As previously chronicled here on Bits & Pieces, today’s next-gen technologies continue to improve and sometimes even save the lives of accident victims. This story was yet another triumph for the Maker Movement making a difference. With the help of a $100 3D-printed design, one do-it-yourselfer has regained some of the ability to use his hands after an accident he suffered on the job.
Kamarata was a pipe fitter by trade, a home handyman by desire. One day last October, while working on an outdoor project, he had set up his miter saw. The piece he had was short, and he wanted to cut it into 2-inch sections; however, being right-handed, he guided the electric saw with that hand and held the wood in place with his left, near the cutting surface. Before he knew it, the saw caught the wood, throwing it toward Kamarata. His left hand slipped into the blade and just like that, four fingers just above the middle knuckles were gone.
With his fingers unable to be reattached after the incident, he was devastated that he’d no longer be able to use his hands to work. He then ran into a designer friend, Casey Barrett. In one conversation between the two, Kamarata expressed his disappointment in the high pricing of many top-notch prosthetics, which could run upwards of $40,000.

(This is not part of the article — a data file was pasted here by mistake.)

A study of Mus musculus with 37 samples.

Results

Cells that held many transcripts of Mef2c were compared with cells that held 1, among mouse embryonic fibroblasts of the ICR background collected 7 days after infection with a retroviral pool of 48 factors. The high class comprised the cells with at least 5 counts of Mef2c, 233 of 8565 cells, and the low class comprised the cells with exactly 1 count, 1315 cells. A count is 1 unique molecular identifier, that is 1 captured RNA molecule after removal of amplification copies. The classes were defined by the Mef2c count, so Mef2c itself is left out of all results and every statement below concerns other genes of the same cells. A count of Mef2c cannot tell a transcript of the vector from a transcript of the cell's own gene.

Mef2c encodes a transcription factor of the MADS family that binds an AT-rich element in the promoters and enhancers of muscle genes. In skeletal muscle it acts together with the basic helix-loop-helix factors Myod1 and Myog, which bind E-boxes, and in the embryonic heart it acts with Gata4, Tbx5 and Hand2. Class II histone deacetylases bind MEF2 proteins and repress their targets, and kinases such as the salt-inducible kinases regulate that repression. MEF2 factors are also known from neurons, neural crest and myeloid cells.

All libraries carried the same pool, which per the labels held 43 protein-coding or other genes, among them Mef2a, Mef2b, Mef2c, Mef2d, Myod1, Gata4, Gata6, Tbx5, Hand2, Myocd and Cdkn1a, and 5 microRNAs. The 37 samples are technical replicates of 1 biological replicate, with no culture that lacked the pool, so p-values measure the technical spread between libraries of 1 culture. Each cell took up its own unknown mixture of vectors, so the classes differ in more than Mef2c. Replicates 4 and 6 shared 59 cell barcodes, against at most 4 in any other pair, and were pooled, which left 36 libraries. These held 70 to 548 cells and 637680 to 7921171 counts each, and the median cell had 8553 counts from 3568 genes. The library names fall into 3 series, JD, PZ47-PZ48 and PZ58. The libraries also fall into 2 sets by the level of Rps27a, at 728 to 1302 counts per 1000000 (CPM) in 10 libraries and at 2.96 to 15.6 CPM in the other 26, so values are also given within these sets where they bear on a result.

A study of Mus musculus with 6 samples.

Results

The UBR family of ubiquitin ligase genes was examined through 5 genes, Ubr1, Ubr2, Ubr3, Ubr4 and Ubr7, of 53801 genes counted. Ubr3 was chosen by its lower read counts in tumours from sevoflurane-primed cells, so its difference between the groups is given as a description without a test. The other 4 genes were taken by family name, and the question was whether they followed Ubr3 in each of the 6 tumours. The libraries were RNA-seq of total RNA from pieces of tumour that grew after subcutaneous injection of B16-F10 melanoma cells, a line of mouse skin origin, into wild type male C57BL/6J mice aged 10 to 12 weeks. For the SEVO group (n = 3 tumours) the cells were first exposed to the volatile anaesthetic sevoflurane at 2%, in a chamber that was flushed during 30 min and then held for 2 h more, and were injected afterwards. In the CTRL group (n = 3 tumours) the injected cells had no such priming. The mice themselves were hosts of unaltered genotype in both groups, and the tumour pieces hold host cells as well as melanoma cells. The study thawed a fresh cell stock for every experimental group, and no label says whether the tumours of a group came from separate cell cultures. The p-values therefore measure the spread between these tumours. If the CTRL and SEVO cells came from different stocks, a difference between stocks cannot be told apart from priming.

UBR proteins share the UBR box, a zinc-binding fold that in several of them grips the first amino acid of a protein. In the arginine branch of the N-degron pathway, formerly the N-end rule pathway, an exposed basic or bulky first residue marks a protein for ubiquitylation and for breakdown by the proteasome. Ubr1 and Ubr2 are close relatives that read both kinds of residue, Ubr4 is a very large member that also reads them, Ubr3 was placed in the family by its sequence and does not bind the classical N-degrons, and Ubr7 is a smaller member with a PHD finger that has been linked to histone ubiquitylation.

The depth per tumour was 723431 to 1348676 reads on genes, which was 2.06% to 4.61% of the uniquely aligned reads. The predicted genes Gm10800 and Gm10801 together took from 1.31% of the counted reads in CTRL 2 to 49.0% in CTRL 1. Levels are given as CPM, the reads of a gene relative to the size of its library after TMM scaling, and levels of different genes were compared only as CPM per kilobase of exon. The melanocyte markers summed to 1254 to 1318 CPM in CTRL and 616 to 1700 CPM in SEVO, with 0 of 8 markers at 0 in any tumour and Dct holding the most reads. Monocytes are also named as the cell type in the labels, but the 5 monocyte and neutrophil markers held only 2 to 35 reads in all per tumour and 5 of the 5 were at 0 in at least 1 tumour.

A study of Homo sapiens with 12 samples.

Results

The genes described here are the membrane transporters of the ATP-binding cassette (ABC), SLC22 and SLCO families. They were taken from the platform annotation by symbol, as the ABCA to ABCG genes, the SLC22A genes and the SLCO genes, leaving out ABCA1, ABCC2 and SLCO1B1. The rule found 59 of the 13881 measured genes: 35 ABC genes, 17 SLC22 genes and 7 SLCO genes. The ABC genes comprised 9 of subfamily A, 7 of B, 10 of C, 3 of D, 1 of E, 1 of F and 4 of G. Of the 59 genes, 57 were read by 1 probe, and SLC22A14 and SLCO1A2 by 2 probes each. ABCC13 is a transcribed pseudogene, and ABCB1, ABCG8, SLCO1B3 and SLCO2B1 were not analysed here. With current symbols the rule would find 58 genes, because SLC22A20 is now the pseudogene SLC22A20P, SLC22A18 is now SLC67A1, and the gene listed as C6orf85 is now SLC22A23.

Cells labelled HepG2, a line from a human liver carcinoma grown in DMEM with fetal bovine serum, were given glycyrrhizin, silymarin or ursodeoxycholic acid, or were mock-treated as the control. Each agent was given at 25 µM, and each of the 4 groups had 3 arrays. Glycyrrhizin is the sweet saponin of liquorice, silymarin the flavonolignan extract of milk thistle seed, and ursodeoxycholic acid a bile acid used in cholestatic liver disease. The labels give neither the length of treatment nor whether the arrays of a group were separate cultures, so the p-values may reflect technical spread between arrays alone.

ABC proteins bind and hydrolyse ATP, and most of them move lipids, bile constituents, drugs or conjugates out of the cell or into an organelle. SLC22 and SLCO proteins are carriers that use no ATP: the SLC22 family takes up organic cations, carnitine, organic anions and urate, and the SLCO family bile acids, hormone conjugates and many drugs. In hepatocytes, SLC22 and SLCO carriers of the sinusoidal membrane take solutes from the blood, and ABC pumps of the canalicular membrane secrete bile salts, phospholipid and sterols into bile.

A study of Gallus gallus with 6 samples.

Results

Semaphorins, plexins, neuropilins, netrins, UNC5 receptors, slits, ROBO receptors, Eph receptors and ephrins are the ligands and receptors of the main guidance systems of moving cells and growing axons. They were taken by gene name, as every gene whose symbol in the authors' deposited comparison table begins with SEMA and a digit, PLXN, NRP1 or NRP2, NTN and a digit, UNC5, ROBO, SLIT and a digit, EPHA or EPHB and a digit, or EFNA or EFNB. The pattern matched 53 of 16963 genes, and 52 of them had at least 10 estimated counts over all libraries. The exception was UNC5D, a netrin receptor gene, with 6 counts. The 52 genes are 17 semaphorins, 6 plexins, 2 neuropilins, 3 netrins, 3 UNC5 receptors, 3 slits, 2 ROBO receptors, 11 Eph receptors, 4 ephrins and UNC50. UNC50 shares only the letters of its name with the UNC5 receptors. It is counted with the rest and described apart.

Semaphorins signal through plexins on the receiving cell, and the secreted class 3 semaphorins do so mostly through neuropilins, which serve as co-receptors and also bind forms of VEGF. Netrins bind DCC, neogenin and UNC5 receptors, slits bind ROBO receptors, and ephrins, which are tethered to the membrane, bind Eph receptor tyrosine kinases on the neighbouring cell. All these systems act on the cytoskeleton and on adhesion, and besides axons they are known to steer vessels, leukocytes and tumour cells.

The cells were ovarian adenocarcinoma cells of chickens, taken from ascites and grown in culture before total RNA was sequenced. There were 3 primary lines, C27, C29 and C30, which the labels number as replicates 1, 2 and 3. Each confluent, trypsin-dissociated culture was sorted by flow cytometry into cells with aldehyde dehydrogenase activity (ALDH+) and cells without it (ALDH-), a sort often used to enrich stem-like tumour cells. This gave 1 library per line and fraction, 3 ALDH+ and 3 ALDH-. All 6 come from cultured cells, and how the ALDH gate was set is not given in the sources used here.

Barrett studied Howard’s issue and recalled some information he had previously seen online about 3D-printed prosthetics. Combining his friend’s cause and his own interest in 3D printing, Barrett decided to look deeper into the subject. He found some plans online and proceeded to produce a series of finger replacements. Each finger has 3-hinged digits and can slightly flex. The duo then took a glove purchased from Home Depot and some braided fishing line to assemble the complete hand. In all, the contraption cost less than $100 and provided priceless benefits to Robert.
“I was able to hold things again,” the handyman tells AZCentral.com. “I could pick up a water bottle.” While these may seem like trivial tasks, they are tremendous achievements for someone who thought they would never be able to utilize their hand again. After his success story, Robert has begun working with the RecFX Foundation to try and help others regain abilities through similar technology.
Researchers continue to explore the use of 3D printing for body parts, particularly those in which come in contact with the body but don’t enter the bloodstream — these include teeth, hearing aid shells, and prosthetic limbs.